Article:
Yemen's presidential and local elections are scheduled simultaneously for September 20, and many locals expect them to be the country's most contentious yet. Despite the practical certainty that President Ali Abdullah Saleh will keep his job, Yemen's precarious political and economic situation means that there is still plenty for the opposition to fight for. The real question is not who will be Yemen's next president but rather how the opposition Joint Meeting Party (JMP) coalition will fare against Saleh's General People's Congress (GPC) in the local elections.
The JMP, formed in 2002, is a seemingly unlikely coalition among the Islamist Islah party (which dominates the group), the Yemeni Socialist Party, and three other minor parties. Among the minor JMP partners is Hizb Al Haqq, a Zaydi Shiite party that the regime charges with involvement in the Al Houthi armed insurgency that has plagued the government for more than two years. The JMP mainly consists of an undertaking among the members not to compete against each other if the outcome would favor an outsider. In the 2003 parliamentary elections, the coalition was mired in distrust and largely ineffectual. There was uncertainty about the extent to which Islah was still allied to Saleh's party, with whom it had sided in the 1994 civil war against the Yemeni Socialist Party.
In recent months the willingness of JMP members to cooperate has increased enormously and, after much nervous deliberation, they finally announced a credible joint presidential candidate to take on President Saleh, former oil minister Faisal Bin Shamlan. Islah's reticence in endorsing a candidate indicated lingering uncertainty about throwing in its lot with the opposition, and fuelled speculation that Islah was still pursuing backroom negotiations with the GPC for an electoral alliance. Nevertheless, the fact that the Islamist Islah party and Yemeni Socialist Party have put aside ideological differences in order to improve their electoral chances indicates increased pragmatism within the Yemeni opposition. By contrast, in the last presidential election Islah nominated President Saleh as its candidate before his own party even had the chance to do so.
Two key factors made Islah's current stance possible. First, the personal relationship between President Saleh and Islah leader Sheikh Abdullah, formerly a mainstay of Yemen's political system, is now all but defunct. Sheikh Abdullah's son said in May, for example, that the government's policies were pushing Yemenis towards revolution, a statement that would have been unthinkable several years ago. Second, the sense of impending crisis about corruption and the shrinking economy has broadened the boundaries of public criticism. This is probably a product of the government's desire to allow a vent for discontent, but also indicates its diminishing control.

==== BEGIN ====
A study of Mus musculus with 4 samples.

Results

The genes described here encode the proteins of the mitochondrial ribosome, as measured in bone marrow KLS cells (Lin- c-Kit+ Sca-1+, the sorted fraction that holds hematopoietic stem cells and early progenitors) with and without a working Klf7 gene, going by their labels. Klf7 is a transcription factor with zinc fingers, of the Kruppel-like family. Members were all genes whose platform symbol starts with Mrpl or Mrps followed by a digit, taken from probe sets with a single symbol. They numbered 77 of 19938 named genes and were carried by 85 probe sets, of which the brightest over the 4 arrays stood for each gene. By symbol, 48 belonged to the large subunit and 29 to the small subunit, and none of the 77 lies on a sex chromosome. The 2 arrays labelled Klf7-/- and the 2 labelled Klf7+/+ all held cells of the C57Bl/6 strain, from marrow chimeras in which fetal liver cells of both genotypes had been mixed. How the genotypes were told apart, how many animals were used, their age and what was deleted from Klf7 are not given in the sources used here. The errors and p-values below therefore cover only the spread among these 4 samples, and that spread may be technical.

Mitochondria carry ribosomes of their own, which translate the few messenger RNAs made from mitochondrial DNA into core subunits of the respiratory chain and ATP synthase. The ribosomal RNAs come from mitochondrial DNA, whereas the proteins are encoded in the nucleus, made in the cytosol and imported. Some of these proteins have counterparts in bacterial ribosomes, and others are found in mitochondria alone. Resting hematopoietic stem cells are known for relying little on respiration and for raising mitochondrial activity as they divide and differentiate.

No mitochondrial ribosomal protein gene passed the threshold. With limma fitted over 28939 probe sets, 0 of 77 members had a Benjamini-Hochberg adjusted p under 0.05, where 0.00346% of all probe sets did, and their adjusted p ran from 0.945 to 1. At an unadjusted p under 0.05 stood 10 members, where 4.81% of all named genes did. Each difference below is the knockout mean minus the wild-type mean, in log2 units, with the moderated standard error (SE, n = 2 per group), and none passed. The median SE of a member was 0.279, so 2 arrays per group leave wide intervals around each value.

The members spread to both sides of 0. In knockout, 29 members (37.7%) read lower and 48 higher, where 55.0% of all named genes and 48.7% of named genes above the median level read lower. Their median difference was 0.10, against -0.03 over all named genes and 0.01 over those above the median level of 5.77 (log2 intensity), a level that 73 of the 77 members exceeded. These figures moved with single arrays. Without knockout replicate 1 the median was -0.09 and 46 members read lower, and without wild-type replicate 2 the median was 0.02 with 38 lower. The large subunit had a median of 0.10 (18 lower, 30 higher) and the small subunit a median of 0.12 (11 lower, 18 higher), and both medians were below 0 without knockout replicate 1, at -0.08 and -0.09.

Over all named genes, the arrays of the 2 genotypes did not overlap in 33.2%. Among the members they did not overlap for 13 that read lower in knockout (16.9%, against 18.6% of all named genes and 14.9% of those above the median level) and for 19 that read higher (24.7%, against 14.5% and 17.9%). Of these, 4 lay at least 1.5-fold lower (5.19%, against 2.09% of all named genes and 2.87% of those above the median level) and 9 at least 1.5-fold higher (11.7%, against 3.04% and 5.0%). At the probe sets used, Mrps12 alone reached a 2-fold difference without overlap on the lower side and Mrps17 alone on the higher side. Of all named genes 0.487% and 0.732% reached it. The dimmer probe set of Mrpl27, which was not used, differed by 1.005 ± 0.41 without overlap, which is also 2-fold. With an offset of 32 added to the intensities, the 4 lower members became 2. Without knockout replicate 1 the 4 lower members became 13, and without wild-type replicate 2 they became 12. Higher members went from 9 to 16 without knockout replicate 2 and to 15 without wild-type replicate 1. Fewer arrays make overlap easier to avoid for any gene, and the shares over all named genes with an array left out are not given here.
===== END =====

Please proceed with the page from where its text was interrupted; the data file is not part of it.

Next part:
Yemen has a first-past-the-post electoral system as opposed to one of proportional representation. A slight majority, therefore, wins a candidate his or her seat. If there is reasonable transparency, it is now conceivable that the JMP alliance could win an overall majority in the local elections. Islah has never had a critical electoral mass, but in 2003 it fared well in the districts in which it competed with the GPC. In the 173 (of 301) districts in which the two parties went head to head, Islah received nearly 72 per cent of the number of votes that the GPC did, despite many electoral violations favoring the GPC. While Islah remains the strongest partner within the JMP, the Yemeni Socialist Party also has rebuilt some of its standing (damaged by the 1994 civil war and 1997 electoral boycott), particularly in the formerly socialist south, where animosity toward the government is strong. The presence of the Zaydi Hizb Al Haqq might also favor the JMP in Zaydi areas that were previously GPC strongholds, due to the sectarianism stirred up by the government's response to the Al Houthi uprising.
Ultimately, however, this year's elections are not so much the JMP's to win as they are the GPC's to lose. To overestimate the JMP's potency would be a mistake. Even should the alliance make electoral gains, the constituent groups' ability to cope with the political and economic problems that they would inherit if they did ever come to power is another matter entirely. Yemeni oppositionists are standing under a tree and waiting for fruit to fall. What they would do with this fruit, and whether they could even catch it in the first place, remains unclear.
Sarah Phillips (email@example.com) is a doctoral candidate at the Centre for Arab and Islamic Studies of the Australian National University currently researching political reform in Yemen.